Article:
How Loyalty Discounts Can Perversely Discourage Discounting: Comment
Assaf Eilat, Jith Jayaratne, Janusz Ordover, Greg Shaffer, Apr 16, 2010
The academic literature on loyalty discounts and exclusive dealing demonstrates that the welfare effects of these practices are ambiguous and that market details determine the direction of the effect. However, in his recent paper entitled How Loyalty Discounts Can Perversely Discourage Discounting, Professor Einer Elhauge argues that exclusive contracts with loyalty discounts offered by a single incumbent seller can create anticompetitive effects in a broad range of settings. Moreover, he claims, "anticompetitive effects are exacerbated if multiple sellers use loyalty discounts."
To motivate his analysis, Professor Elhauge defines two types of customers of the incumbent seller, namely: "committed buyers," who signed an exclusive contract with the incumbent, and "uncommitted buyers," who did not. The "uncommitted buyers" are free to purchase from the entrant, if there is entry, or from the incumbent. The contractual benefit from signing an exclusive contract with the incumbent is the promise that the committed buyer will always pay $d less than the price that the incumbent offers to the uncommitted buyers. Put another way, $d is the assured spread between the incumbent's prices offered to these two groups. From this it follows that if the incumbent chooses not to compete for the uncommitted buyers then the incumbent can, in effect, charge committed buyers the monopoly price.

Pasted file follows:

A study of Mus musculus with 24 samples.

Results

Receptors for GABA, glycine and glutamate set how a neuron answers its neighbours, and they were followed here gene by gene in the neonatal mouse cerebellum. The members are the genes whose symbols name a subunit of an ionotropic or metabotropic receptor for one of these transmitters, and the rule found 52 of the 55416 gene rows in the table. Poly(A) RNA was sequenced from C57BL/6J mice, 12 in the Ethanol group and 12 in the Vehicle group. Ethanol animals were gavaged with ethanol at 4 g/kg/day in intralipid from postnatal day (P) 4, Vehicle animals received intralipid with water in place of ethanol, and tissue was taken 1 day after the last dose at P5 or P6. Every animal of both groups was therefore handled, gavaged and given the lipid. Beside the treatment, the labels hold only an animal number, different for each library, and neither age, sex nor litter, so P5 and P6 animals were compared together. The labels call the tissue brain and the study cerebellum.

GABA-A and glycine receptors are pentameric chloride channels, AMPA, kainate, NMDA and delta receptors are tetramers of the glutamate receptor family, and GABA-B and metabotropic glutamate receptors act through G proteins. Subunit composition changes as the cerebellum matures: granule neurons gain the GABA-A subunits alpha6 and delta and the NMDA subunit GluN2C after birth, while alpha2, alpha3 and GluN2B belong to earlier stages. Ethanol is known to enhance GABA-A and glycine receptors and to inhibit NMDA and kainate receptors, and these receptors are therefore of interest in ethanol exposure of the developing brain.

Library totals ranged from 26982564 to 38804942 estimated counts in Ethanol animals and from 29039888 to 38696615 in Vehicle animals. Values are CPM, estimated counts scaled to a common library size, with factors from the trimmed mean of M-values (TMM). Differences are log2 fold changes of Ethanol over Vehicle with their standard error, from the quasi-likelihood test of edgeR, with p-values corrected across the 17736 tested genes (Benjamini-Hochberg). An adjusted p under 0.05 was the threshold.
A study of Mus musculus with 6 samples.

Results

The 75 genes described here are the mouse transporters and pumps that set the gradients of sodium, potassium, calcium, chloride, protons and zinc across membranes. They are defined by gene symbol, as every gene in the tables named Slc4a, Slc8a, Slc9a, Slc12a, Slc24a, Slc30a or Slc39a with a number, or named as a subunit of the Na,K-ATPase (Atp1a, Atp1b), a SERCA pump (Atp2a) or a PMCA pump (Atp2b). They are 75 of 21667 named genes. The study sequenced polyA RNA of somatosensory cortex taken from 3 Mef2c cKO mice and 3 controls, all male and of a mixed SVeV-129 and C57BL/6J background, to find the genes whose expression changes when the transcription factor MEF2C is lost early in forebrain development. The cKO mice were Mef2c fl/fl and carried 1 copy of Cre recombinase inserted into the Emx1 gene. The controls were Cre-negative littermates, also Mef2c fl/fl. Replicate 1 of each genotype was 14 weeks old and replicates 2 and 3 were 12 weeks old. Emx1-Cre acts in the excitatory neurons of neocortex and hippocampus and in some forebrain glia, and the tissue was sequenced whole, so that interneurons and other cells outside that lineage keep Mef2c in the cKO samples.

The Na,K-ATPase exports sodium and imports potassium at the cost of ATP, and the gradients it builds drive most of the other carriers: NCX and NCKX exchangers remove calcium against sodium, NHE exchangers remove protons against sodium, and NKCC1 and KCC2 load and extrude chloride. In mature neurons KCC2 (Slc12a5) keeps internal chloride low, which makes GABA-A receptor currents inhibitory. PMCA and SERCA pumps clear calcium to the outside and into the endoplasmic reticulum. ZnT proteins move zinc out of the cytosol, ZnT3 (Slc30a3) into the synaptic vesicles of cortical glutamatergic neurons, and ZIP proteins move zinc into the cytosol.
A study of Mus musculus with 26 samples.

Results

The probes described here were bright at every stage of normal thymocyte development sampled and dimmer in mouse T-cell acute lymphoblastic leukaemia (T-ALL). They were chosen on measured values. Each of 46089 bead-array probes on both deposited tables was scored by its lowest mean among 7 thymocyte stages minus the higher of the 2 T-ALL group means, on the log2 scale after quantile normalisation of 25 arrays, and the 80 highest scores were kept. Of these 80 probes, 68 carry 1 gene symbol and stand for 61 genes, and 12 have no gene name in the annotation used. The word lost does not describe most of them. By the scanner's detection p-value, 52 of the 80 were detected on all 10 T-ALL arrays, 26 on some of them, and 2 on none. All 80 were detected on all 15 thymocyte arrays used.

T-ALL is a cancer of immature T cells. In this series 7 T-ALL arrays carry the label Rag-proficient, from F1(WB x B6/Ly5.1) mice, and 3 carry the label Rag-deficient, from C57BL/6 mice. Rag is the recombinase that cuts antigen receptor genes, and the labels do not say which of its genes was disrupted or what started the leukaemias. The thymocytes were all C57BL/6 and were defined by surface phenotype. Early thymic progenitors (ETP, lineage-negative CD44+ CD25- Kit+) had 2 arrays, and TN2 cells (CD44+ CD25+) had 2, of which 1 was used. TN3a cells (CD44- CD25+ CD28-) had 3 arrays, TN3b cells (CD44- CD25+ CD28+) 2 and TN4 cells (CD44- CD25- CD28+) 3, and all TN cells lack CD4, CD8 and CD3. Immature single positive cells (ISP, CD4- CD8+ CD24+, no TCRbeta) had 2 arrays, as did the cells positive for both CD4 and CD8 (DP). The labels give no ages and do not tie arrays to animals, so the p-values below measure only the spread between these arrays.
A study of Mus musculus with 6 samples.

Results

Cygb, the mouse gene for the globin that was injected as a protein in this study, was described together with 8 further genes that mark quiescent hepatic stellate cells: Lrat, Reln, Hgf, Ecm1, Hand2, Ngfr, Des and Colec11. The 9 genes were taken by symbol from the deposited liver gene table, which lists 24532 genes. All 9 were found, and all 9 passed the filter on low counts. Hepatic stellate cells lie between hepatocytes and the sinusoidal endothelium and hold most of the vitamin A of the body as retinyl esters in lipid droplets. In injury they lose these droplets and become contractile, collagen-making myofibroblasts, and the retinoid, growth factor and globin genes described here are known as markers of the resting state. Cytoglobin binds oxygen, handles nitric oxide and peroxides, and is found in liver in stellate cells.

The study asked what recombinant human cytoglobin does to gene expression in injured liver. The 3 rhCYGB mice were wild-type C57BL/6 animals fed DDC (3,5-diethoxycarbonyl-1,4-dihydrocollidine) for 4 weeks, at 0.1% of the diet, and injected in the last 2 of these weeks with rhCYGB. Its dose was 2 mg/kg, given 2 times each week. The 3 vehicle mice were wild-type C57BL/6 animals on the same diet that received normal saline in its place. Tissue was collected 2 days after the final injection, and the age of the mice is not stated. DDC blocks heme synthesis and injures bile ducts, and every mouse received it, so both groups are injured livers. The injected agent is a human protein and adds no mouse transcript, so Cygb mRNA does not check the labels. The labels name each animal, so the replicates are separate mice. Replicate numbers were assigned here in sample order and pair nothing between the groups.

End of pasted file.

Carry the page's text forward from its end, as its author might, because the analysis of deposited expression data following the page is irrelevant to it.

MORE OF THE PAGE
Professor Elhauge departs from key papers in the literature on exclusive dealing by defining his exclusive contracts to include a Most Favored Nation (MFN)-like feature, which actually does a great deal of work in his model. The MFN-like feature comes through the assumption that the price paid by committed buyers depends not only on the fact that they committed to an exclusive contract, but also on the price that the seller offers to uncommitted buyers (the "list" price). This link between the prices offered to committed and uncommitted buyers is not found in any of the key papers in the exclusive-dealing literature that Professor Elhauge cites. This linkage is crucial because--as exposited by Professor Elhauge--it greatly increases the incumbent's cost of competing with the entrant for sales to the uncommitted buyers. In fact, in Professor Elhauge's model, the incumbent seller sets its list price so high that no uncommitted buyer will buy from it in equilibrium, which means that along the equilibrium path, committed buyers never actually receive the loyalty discount d they are promised; or, stated more precisely, they receive their "discount" d off of a phantom price which nobody pays! As we show below, the qualitative results in his model are unchanged even if there are no loyalty discounts and buyers do not commit to buy exclusively from the incumbent. Thus, it is the MFN-like feature of the contracts, not the loyalty discounts, that drives his results--and the potential impact of MFN provisions on competition has already been extensively analyzed in other papers.